Breast augmentation is one of the fastest-growing and most popular procedures I do at Mountain Lake Plastic Surgery, so here’s a primer on breast augmentation to get you started.
There are 4 primary decisions to make when planning a great breast augmentation:
- Implant size
- Implant type
- Incision location
- Implant pocket- under vs over the muscle
This is the big question for many women and I spend a lot of time working with my patients to find the size that will achieve their goals. Breast implants are manufactured in a wide range of sizes from 100 cc all the way up to 800cc. Size choice depends on each woman’s goals, as well as many factors such as her body shape and existing breast size, the thickness and elasticity of her tissues, and the position of her breasts on her chest wall. The most commonly used breast implant sizes are in the 275-425 range, but some women choose larger and some smaller – my goal is a personalized plan for each woman.
You’ve probably heard about saline and silicone gel implants, but did you know that breast implants are also made with different surfaces as well as different shapes? Implant manufacturers make textured surface implants that are designed to “stick” in place, and they also make teardrop shaped implants that are designed to lend a slope to the upper pole of the breast. The modern implants that I use most frequently are round, smooth surfaced, silicone gel or saline implants.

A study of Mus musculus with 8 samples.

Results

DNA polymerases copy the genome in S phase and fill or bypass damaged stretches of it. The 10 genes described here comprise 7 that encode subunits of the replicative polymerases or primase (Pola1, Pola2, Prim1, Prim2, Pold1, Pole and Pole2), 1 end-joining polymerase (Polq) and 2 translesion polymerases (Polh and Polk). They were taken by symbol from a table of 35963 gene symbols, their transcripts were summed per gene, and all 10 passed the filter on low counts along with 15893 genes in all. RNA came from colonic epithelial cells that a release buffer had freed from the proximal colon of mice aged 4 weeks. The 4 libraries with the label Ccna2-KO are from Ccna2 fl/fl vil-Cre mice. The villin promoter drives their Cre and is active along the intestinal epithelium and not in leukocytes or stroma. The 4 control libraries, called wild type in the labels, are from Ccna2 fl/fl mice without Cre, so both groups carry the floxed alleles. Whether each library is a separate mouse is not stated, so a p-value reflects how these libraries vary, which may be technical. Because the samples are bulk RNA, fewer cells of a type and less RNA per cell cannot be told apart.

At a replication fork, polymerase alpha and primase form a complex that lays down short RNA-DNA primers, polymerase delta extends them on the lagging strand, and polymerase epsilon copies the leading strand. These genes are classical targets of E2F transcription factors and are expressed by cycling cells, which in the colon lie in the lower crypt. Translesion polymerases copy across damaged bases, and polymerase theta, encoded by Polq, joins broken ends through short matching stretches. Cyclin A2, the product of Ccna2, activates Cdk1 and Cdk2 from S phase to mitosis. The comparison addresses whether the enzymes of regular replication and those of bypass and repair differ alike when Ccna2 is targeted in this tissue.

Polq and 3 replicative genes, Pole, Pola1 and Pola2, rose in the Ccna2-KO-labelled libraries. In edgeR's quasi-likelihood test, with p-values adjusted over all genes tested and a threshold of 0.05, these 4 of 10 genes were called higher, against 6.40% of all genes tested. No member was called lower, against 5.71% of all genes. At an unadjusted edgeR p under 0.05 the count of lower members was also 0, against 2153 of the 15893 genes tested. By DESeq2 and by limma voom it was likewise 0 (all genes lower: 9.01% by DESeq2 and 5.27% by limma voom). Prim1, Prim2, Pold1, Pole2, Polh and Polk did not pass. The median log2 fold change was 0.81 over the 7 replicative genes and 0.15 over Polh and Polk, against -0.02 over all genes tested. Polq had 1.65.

Surgeons can make an incision in the crease under the breast, around the edge of the areola, in the armpit, or even in the bellybutton! As you can imagine, the farther away from the breast the incision is, the harder it is to be precise with creating the pocket for the implant. In addition, if revision surgery needs to be done in the future, it’s harder to do that through incisions in the armpit or bellybutton. There’s now some scientific evidence that there are higher complication rates with the periareolar (around the areola) incision. In the majority of cases, I use a small incision hidden in the crease under the breast; this allows me to create the implant pocket precisely and avoid some of the problems that can be associated with other incisions.
During breast augmentation surgery, I create a space for the implant that is either directly under the breast tissue (subglandular/over the muscle), or partially under the chest muscle (subpectoral/under the muscle/dual plane). Each approach has its pros and cons. Many of my patients prefer over the muscle with smooth round cohesive gel implants, but it’s great to have so many options available for customizing the approach.
For more information about breast augmentation surgery, contact Mountain Lake Plastic Surgery today!